What Israeli Closures Mean for Us and Other Creatives in Palestine

Before October 7, it was challenging. Today it's nearly impossible. I used to go on artisan visits and they would take me a day. Hour and a half each way to Bethlehem, that leaves plenty of time to visit artisans. Or 45 min drive to Nablus, that leaves enough time to grab knaffeh and stroll through the Old City even. 

Now, no way. I mean there's literally no way to get in or out of places. The Israeli have blocked everywhere. As you drive, you see every single Palestinian village and town has a new (courtesy of the Israeli military, aka courtesy of the US tax payers) orange metal gate closing off the entrance road.  

Unlike before Oct 7, the day that changed the world and certainly changed my life forever, there are armoured Israeli military vehicles every so often with soldiers often standing behind blockades nearby or near cars, standing there and always (always!!) pointing their damn weapons at us as we drive by on OUR roads. Checkpoints that were not manned for years are now activated, and new checkpoints are everywhere. Drivers are on their phones constantly trying to find out which route to take, which is safest, fastest, or just open.

The very roads have changed as the architecture of occupation always shifts to be more intelligent in its oppression. More efficient in giving way (and ensuring safety and blindness) to the illegal Jewish settlers while hiding, inconveniencing or all-together blockading the indigenous, colonized population.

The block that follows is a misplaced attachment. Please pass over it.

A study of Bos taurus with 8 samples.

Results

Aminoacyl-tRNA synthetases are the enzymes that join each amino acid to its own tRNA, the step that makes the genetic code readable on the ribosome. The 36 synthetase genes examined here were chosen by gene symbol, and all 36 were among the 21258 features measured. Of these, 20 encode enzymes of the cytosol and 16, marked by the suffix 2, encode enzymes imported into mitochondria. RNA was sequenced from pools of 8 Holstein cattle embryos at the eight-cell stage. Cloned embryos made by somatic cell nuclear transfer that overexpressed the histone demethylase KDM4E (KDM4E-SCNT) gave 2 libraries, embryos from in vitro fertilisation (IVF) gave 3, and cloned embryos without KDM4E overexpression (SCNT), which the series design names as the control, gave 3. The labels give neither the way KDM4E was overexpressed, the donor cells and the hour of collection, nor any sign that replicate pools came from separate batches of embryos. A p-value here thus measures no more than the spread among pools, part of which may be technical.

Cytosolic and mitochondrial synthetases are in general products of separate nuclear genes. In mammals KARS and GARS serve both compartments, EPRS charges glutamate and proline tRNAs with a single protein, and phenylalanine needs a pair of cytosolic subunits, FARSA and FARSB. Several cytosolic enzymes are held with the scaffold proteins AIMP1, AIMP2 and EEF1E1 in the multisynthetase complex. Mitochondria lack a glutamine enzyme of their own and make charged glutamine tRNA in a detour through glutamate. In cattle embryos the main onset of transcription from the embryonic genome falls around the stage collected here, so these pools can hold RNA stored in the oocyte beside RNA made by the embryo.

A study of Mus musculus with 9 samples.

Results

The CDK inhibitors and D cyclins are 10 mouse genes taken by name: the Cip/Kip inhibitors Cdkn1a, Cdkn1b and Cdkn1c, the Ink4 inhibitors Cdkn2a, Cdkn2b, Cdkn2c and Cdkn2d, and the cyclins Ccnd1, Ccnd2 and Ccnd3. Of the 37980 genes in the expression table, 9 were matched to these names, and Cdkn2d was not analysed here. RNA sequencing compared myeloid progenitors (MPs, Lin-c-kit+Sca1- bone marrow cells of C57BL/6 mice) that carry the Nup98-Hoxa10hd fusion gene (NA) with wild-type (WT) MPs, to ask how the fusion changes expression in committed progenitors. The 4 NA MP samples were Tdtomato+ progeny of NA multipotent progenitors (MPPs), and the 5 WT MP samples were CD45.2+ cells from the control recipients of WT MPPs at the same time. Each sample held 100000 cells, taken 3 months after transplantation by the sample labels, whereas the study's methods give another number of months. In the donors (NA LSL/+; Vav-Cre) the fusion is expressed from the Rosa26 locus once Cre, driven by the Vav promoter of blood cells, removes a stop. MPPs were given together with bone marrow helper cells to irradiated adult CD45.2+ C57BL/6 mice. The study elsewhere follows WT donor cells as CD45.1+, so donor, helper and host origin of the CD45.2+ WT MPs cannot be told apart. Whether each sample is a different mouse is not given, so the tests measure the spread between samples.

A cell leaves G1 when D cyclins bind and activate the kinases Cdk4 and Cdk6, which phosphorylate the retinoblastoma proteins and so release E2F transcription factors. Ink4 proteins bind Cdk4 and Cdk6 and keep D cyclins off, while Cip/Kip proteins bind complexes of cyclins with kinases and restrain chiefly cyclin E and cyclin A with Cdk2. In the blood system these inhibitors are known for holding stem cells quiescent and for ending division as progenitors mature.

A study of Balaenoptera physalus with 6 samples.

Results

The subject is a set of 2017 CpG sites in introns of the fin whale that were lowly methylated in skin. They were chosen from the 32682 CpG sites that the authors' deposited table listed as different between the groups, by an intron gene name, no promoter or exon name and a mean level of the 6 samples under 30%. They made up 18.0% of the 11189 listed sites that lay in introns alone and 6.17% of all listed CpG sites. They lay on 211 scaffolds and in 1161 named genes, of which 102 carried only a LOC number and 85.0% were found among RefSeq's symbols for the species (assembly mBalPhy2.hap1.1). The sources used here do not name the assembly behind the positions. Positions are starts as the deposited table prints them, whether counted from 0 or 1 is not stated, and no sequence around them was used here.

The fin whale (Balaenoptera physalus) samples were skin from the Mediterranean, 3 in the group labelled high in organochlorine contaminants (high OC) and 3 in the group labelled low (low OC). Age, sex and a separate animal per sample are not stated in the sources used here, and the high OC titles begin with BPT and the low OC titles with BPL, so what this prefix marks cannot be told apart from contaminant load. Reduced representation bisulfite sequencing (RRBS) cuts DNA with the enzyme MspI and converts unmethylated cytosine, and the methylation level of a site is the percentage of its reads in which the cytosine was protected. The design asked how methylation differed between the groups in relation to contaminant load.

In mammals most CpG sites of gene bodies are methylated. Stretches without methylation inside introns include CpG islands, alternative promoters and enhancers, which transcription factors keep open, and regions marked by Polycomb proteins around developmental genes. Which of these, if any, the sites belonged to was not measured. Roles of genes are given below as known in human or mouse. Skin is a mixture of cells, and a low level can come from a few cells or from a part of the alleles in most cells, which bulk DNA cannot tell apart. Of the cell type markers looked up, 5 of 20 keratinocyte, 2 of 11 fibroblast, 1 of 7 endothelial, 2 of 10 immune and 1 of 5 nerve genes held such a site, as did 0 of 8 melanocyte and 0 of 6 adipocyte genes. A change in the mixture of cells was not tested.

This means that people are of course inconvenienced at best or economically devastated at worst when their shops are blockaded and businesses fail. But it means on a larger scale, entire cities are blockaded as closures crush local economies.  The Old City of Nablus, a normally bustling and vibrant market where everyone throughout the region shops, is now simply a ghost town.

This means that tourist economies like Bethlehem are fully crushed while even local or internal tourism is blocked. And on an individual level, work becomes scarce. It also means that accessing materials for work, or sending products from artisan to us, or shipping from us to you--all of this becomes challenging or on many days simply impossible. One of our artisans said when she sees the hardware she needs for her straps, she buys it all because you just don't know when they'll have more. In our work with traditional tatreez, I see the unreliable access to raw materials and the way it changes designs and product dimensions and it is an absolute disaster for us.

Ultimately Israeli closures render economic growth impossible and creatives are often the first to suffer. A few weeks ago in Bethlehem, I rented a room at an artisans home for the night because day trips to see artisans are really impossible. Now I go and sleep over since the journey often takes 3-5 hours each way these days. While I was eating breakfast, his wife was telling another woman that she couldn't even afford cucumbers anymore...there was no work and no money. It broke my heart.  I stopped eating the breakfast she'd laid out for me, even though I was a paying guest, realizing that she'd bought cucumbers for my breakfast spread which she now saw as a luxury she couldn't afford for herself. In true Palestinian fashion, when she saw me leave the table she urged me to eat more. But I realized I was literally eating the food from her breakfast.